A Home for a Historian

Craftsman Home Behind A Picket Fence

Credit: Betsy J. Greene
Credit: Betsy J. Greene

Address: 212 East Mission Street

In 1915, women in California could vote in local elections, but they would not be able to vote in national elections until 1920. Nothing stopped women from buying property and having a house built. However, single women doing this were certainly in the minority.

The first owner of the home at 212 East Mission Street, Edith Codman, was the daughter of a successful Boston attorney, and she was a graduate of Radcliffe College (1891).

Edith was a woman of the great outdoors. She never married, perhaps because she was too busy hiking and gardening. She was a member of the Sierra Club, as well as Santa Barbara’s Nature Study Club and Garden Club. She first visited Santa Barbara in 1903 on a nature excursion, when she was in her early forties.

In 1915, she bought the lot at 212 East Mission Street and had this home built. While doing research on Craftsman homes, I found an article from that same year about John Muir, the founder of the Sierra Club, in The Craftsman magazine.

The article must have resonated with Edith: “Whoever has learned to call the western trees and wildflowers by name, holds the name of John Muir in reverence. His name will be forever associated with mountains, forests, glaciers, storms, with the big, fundamental facts of nature, and too with its delicate, evanescent, poetic beauty.”

Credit: Betsy J. Greene

In 1920, Edith was part of a group of hikers that camped on Santa Cruz Island for several days. In 1929, she donated a sample of a pine tree from that island to the Santa Barbara Natural History Museum. Edith passed away in 1931, and her brother William Codman, also single, lived in the home until 1943.

The present homeowners, the Moss family, have lived here since 1986. They love the old character of their home. They told me that Dr. Edward J. Lamb and his wife, Louise, had lived in the home in the 1940s and 1950s. The homeowners pointed out that the Lambs had also lived in the house at 2405 Santa Barbara Street, which I wrote about in July 2020.

The Historian Moves In

Credit: Courtesy “Royal Rancho”

The most notable residents of the home, however, were Walker A. Tompkins and his family, who moved here in 1960. He is probably the best-known history writer in Santa Barbara. The world catalog website worldcat.org lists 79 nonfiction titles written by Tompkins. Most are history books about this area, which is more than all of us other history writers added together.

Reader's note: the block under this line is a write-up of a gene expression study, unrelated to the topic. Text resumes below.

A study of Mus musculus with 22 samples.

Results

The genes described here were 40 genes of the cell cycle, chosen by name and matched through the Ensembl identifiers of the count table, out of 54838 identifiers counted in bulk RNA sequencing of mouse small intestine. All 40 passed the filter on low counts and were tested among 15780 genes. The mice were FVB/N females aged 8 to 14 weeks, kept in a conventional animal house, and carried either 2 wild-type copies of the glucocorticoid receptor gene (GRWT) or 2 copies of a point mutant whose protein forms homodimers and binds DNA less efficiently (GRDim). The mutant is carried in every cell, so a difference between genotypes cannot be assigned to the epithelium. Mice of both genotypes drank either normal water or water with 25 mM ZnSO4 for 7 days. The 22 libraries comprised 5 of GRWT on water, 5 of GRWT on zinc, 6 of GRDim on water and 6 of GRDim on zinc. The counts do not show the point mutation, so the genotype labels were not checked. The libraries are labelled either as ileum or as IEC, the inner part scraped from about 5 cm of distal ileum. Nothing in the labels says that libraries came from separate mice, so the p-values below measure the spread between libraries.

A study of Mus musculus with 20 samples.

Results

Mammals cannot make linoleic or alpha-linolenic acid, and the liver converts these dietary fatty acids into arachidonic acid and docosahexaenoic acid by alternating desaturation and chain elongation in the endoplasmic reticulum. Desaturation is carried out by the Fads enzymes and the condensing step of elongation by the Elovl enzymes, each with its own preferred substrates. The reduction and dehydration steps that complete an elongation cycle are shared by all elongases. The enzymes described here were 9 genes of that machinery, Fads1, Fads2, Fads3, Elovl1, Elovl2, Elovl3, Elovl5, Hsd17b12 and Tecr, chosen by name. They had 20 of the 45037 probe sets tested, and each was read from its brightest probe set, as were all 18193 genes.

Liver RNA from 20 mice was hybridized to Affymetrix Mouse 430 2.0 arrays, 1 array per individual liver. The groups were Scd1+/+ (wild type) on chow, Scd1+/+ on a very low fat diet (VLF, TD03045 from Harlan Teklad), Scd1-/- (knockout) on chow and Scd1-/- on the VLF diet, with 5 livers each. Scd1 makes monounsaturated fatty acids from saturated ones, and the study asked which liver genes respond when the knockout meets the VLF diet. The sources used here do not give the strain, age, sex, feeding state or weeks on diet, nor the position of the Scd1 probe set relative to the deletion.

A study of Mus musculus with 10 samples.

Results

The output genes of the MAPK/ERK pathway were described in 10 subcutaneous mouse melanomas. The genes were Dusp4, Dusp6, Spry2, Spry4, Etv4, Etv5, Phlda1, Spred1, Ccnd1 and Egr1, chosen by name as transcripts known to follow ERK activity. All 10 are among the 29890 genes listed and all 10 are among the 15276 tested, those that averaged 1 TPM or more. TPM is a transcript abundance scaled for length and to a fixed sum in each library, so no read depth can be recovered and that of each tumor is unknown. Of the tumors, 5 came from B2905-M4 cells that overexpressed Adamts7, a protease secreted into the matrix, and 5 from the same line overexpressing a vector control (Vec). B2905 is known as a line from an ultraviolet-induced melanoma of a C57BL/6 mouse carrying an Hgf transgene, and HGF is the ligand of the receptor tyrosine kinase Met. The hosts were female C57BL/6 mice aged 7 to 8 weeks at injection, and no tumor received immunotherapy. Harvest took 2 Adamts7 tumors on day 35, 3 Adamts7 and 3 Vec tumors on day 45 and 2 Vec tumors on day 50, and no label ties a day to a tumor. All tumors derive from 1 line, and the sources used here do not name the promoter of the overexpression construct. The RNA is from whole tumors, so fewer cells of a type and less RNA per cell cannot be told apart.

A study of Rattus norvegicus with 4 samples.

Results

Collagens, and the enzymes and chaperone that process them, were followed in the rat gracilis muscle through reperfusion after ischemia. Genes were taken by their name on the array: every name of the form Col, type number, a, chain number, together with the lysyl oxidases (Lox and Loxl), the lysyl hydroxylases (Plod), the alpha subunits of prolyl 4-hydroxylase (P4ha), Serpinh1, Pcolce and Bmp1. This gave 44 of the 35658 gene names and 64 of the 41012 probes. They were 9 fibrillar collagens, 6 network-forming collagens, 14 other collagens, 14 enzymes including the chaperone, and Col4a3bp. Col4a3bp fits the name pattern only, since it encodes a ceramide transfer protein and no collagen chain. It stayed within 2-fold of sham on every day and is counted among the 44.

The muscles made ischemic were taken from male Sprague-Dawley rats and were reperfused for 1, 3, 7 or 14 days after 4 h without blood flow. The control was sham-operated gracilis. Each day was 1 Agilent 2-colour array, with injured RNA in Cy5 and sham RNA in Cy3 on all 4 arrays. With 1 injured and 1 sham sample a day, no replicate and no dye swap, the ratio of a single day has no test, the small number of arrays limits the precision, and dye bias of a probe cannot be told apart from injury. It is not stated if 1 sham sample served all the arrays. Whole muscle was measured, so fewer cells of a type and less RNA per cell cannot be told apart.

“Two-Gun” Tompkins worked for decades on a 1928 typewriter, churning out dozens of cowboy novels with titles like Ghost Mine Gold, Border Ambush, and Deadhorse Express. In 1957, he began writing a column titled Santa Barbara Yesterdays for the Santa Barbara News-Press and continued until the 1970s.

No matter where you live in Santa Barbara, Tompkins probably wrote a book about your neighborhood: Downtown, the Eastside, Goleta, the Good Land, Hope Ranch, Montecito, Old Mission/Mission Canyon, San Marcos Pass, San Roque, the Mesa, the Riviera, the Samarkand, the Waterfront, and the Westside.

Tompkins was also an amateur ham-radio operator. While he lived in this house, he published DX Brings Danger, a sci-fi novel about a ham-radio operator on San Miguel Island. I reached out to Dorothy Oksner, also an amateur radio operator. She said that DX means distant transmission by radio from and to a distant planned location like an island.

Credit: Courtesy “The Mesa Paper”

According to his obituary in 1988, Tompkins also wrote 1,200 magazine articles, stories, and scripts for radio, movies, and television, and he had his own radio show for more than 20 years.

The 212 East Mission Street home is a Craftsman-style house, which is why I was looking at The Craftsman magazine, as I mentioned earlier. The home’s wide eaves and decorative brackets are typical of this style.

The scalloped picket fence, wreathed with Peruvian lily, sits behind the prettiest parkway on the block that is ornamented with small shrubs and flagstones. These create a natural, homey look that Edith Codman would surely approve of.

Please do not disturb the residents of 212 East Mission Street.

Betsy J. Green is a Santa Barbara historian and author of Discovering the History of Your House and Your Neighborhood, Santa Monica Press, 2002. Her website is betsyjgreen.com.